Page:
The recent trailer of Final Fantasy XV, shown off at the TGS, revealed some incredibly impressive looking in-game footage of the famous series running on next-gen systems. It’s easy to forget then that this is a game Square Enix have struggled with for a long time now, almost 8 years in fact. Originally announced as Final Fantasy Versus 13, which was to release not long after FFXIII on the PS3, the game had an exceptionally difficult birth and was heavily delayed. Deciding instead to release it as Final Fantasy XV, Square set their sights on the next gen consoles and set about trying to rebuild this troubled game.
Many players have lost some faith in Square Enix and particularly the directors who seemed to lose touch with what the fans wanted. Final Fantasy XV then started off fairly promising, with Tetsuya Nomura, from the Kingdom Hearts series, taking on the lead. However, Tetsuya eventually stepped down from directing the game in order to focus once again on his beloved Kingdom Hearts series. Square then appointed Hajime Tabata as the new director, the man who created many of the handheld games such as Crisis Core and Type-0. So what exactly has Tabata brought into Final Fantasy XV to re-engage the fans?
Well Final Fantasy fans can be a hard bunch to please and it seems that Tabata is trying hard to strike a balance of many different styles. Plenty of people would like to see the series return to the way it was, running up to around FFX; with strategic, turn based combat and a long and intricate storyline. Other players however would rather see the series advance a little, especially for the next gen consoles, where turn based combat feels somewhat less impressive and linear storylines are far less popular. For Final Fantasy XV then, the game takes place in a huge game world, there’s plenty of exploration to be had and, as the TGS trailer showed, you’ll have access to a car to travel around between locations. It’s not, however, completely open-world like many first thought. Tabata stated that a fully open-world wouldn’t fit the style of Final Fantasy, so you’ll still find that story driven narrative to direct your path through the game.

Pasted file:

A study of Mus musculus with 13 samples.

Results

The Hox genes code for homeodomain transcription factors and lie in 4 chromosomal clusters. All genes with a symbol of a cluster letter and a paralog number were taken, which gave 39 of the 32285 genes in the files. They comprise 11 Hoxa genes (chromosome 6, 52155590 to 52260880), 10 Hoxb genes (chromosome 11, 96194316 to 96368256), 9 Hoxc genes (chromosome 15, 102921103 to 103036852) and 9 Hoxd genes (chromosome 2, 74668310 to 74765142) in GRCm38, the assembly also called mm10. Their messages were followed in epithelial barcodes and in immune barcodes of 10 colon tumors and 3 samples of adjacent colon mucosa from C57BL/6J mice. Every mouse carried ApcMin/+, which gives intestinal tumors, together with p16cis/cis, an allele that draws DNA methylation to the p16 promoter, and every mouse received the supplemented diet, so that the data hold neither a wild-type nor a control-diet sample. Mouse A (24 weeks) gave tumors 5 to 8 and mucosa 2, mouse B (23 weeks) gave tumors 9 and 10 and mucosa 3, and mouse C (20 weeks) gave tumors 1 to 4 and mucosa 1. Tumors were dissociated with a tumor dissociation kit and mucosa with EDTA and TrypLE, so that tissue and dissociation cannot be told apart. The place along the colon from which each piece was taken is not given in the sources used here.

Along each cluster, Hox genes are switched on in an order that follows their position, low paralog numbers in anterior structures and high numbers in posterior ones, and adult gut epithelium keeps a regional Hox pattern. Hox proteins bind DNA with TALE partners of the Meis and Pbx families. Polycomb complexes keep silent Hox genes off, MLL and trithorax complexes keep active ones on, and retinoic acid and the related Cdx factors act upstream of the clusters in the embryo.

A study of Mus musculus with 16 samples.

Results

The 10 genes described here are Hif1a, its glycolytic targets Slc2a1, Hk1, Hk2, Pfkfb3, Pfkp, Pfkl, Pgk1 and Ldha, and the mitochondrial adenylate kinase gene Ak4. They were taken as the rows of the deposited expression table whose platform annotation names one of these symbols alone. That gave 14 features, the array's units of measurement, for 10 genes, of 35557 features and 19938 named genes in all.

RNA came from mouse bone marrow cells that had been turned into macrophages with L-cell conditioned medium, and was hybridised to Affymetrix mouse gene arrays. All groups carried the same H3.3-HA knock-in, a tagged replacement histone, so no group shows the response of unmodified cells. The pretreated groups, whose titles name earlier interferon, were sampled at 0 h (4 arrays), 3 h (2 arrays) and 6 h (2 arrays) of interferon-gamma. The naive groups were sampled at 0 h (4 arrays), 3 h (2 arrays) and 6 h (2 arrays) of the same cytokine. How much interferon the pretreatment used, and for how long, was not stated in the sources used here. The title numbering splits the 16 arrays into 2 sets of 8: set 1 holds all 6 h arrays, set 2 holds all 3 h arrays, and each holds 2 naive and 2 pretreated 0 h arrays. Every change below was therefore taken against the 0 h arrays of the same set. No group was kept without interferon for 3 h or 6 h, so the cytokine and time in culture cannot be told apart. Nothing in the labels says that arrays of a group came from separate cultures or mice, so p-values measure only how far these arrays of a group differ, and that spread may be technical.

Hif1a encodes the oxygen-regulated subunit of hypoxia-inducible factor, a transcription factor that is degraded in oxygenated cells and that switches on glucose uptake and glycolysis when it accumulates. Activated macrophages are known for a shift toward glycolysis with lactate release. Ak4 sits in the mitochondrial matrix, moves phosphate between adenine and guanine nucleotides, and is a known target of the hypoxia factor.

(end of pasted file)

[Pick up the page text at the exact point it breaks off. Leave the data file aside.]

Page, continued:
For combat you’ll find that there is no sign of that classic turn based style – and whether that’s a good or a bad thing depends on your own opinions. You’ll have much more control over your character but it doesn’t quite head so far away from its roots that it becomes a hack-and-slash. You’ll still have to make decisions during combat, including even your positioning around an enemy, something that adds a little extra depth from the old turn based style, but it wont be a case of mashing buttons either like some Western RPG’s – as with the storyline, Tabata is keen to strike that delicate balance.
Below is a more detailed look at Final Fantasy XV in action and shows off some staggeringly beautiful graphics. Note that the video is a showcase of how the game runs and how various aspects work so its not really a regular gameplay walkthrough. You can see the dynamic weather and lighting effects in the game as well as some of the combat features, such as the ability to dodge enemy attacks and also perform joint combo attacks with your party members.
Hajime Tabata may have a herculean task ahead of him to try and please both new and old Final Fantasy fans and Final Fantasy XV still has quite a way to go (it’s apparently around 55% complete). Lets not forget though that Square are capable of this kind of turnaround. Naoki Yoshida achieved what no one would have thought possible with Final Fantasy XIV: A Realm Reborn by turning a monumental failure into the game that played the largest part in turning around Square’s profits. Yoshida achieved this by listening to the fans and providing them with the experiences they wanted and Square have begun to follow suit a lot more now by bringing games like Type-0 over to the Western audiences and making the decision to bunde the FFXV demo in with it, as well as re-releasing many of their classics over Steam.
Trying to rebuild a game is never and easy task and when that game is also trying to rebuild a series, things become even harder. Final Fantasy XV has a lot of burden on its shoulders right now so it will be interesting to see just where Square take it. Whether you’re a long time Final Fantasy fan or a total newcomer, let us know your thoughts on how FFXV is shaping up so far.